Northern Ontario Plant Database
Viola nephrophylla Greene
En: northern bog violet, blue prairie violet
Violaceae (Violet Family)
General: A low, perennial forb, stemless, with shoots originating from short rhizomes. Plants of Viola neprophylla with white flowers have been named V. nephrophylla forma albinea Farw. Violet species are capable of hybridizing; plants that key to Viola nephrophylla, but have glabrous upper petals and slightly hairy leaves may represent hybrids with Viola sororia.
Nomenclatural Notes: Viola pratincola Brainerd is considered to be a synonym of Viola nephrophylla.
Leaves: Basal, simple, palmately-veined, petiole 2–16 cm long. Leaf blade broadly ovate to cordate or reniform, 2–6 cm long, as broad as or wider than long; leaves smooth (glabrous), lower surface often tinged with purple or blue; basal lobes cordate; apices blunt (obtuse) to rounded; margins with low rounded (crenate) teeth.
Flowers: Bisexual; petaliferous flowers 1.2–2.4 cm long, not fragrant; solitary on a slender, glabrous flower stalk (peduncle), about equal to or longer than the petioles. Sepals 5, lanceolate to ovate, with obtuse to rounded apices, short auricles, and entire (eciliate) margins; petals 5, deep purple, white at the throat, upper 2 petals glabrous or with a few scattered hairs; lateral 2 petals bearded; lower petal slightly shorter than the lateral petals, bearded, and bearing a short, saccate spur. Fertile cleistogamous flowers are produced on slender, erect green peduncles after petaliferous flowers are finished blooming. Petaliferous flowers bloom in May.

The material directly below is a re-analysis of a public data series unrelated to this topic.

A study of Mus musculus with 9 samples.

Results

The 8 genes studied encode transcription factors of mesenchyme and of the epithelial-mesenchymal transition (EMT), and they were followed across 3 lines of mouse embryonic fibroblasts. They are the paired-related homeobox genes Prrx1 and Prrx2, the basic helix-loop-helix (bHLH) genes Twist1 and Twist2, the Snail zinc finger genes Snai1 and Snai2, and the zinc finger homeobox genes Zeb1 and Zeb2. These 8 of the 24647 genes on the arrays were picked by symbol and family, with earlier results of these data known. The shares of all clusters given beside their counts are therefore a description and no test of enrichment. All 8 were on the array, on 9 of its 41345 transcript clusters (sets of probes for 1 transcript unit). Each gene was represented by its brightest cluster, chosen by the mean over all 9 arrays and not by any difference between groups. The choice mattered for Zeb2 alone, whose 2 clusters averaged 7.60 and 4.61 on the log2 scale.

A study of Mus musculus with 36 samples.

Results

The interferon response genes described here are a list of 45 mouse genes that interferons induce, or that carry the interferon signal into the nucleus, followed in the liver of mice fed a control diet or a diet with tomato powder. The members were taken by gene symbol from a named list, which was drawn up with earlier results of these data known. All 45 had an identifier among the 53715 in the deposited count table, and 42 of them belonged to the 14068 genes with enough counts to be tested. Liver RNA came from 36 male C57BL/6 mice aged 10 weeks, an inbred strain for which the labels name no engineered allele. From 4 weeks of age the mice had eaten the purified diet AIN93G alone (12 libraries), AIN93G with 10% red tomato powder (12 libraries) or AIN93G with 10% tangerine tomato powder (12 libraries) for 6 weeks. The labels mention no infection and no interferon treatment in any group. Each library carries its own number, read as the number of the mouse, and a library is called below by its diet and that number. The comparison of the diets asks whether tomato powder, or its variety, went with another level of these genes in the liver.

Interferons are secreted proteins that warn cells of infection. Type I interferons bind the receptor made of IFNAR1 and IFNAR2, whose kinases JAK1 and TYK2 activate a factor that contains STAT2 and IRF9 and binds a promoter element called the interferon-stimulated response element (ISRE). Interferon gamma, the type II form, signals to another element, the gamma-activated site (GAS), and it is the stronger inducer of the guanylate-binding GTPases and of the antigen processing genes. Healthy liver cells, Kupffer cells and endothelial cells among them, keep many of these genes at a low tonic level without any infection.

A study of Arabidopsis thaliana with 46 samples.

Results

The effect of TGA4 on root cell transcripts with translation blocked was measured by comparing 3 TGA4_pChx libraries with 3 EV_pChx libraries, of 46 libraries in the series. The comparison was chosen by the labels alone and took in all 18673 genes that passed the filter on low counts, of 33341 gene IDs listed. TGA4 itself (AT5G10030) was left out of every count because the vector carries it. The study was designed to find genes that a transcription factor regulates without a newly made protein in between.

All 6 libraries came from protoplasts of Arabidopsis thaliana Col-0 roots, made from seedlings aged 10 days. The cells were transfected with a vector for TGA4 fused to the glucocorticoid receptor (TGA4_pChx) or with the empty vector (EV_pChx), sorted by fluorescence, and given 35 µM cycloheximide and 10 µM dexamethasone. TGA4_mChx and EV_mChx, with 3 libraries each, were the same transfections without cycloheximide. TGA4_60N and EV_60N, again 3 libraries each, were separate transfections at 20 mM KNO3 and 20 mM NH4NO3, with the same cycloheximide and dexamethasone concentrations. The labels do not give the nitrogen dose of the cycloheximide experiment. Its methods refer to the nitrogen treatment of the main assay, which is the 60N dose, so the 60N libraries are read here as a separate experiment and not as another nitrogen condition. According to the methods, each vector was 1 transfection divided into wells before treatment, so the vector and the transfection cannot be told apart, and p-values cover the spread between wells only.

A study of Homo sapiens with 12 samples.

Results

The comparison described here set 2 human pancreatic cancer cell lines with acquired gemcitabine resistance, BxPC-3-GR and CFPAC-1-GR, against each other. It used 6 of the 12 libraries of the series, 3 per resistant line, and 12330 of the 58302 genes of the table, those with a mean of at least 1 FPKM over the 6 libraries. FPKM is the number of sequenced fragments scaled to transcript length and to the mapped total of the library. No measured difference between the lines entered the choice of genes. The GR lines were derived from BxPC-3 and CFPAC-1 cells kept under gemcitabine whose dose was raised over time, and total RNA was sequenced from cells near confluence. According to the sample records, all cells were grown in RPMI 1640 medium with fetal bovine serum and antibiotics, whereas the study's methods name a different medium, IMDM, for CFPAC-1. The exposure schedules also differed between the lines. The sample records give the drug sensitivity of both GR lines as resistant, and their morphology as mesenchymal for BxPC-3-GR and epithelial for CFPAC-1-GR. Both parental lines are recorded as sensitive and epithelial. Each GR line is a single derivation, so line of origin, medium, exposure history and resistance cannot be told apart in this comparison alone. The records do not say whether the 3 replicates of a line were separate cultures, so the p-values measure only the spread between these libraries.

Fruit: An ellipsoid, green, 3-valved capsule, glabrous, 5–10 mm long. Seeds are buff to olive-brown or blackish. Fruits mature in summer.
Habitat and Range: Wet ground, sedge meadows, bogs and fens, wet depressions in limestone barrens, marl pond shores, rocky shores; usually in areas with calcareous bedrock. Viola nephrophylla is a boreal North American species that ranges from Newfoundland to British Columbia; it is found throughout northern Ontario.
Internet Images: The Viola nephrophylla webpage, from the Saskatchewan Native Plants/Wildflowers website.
This image of Viola neprhophylla is from CalPhotos, a photo database from the University of California at Berkeley.
Similar Species: In addition to the northern bog violet, there are 4 other common stemless blue violets in northern Ontario, outside of arctic areas. Like Viola nephrophylla, Viola cucullata (marsh blue violet) has glabrous leaves, but its lateral petals are bearded with club-shaped (clavate) hairs and the lower petal is beardless; V. nephrophylla has straight beard hairs. Viola selkirkii (Selkirk's violet) has paler, beardless flowers, leaves with hairs on the upper surface and basal lobes that touch or overlap. Viola sororia (woolly blue violet) can be recognized easily by its hairy stems and leaves, and ciliate sepals. Viola affinis (LeConte's violet) is most similar to Viola sororia, but it has longer, more triangular leaves, lacks cilia along the sepal margins, and prefers wetter habitats.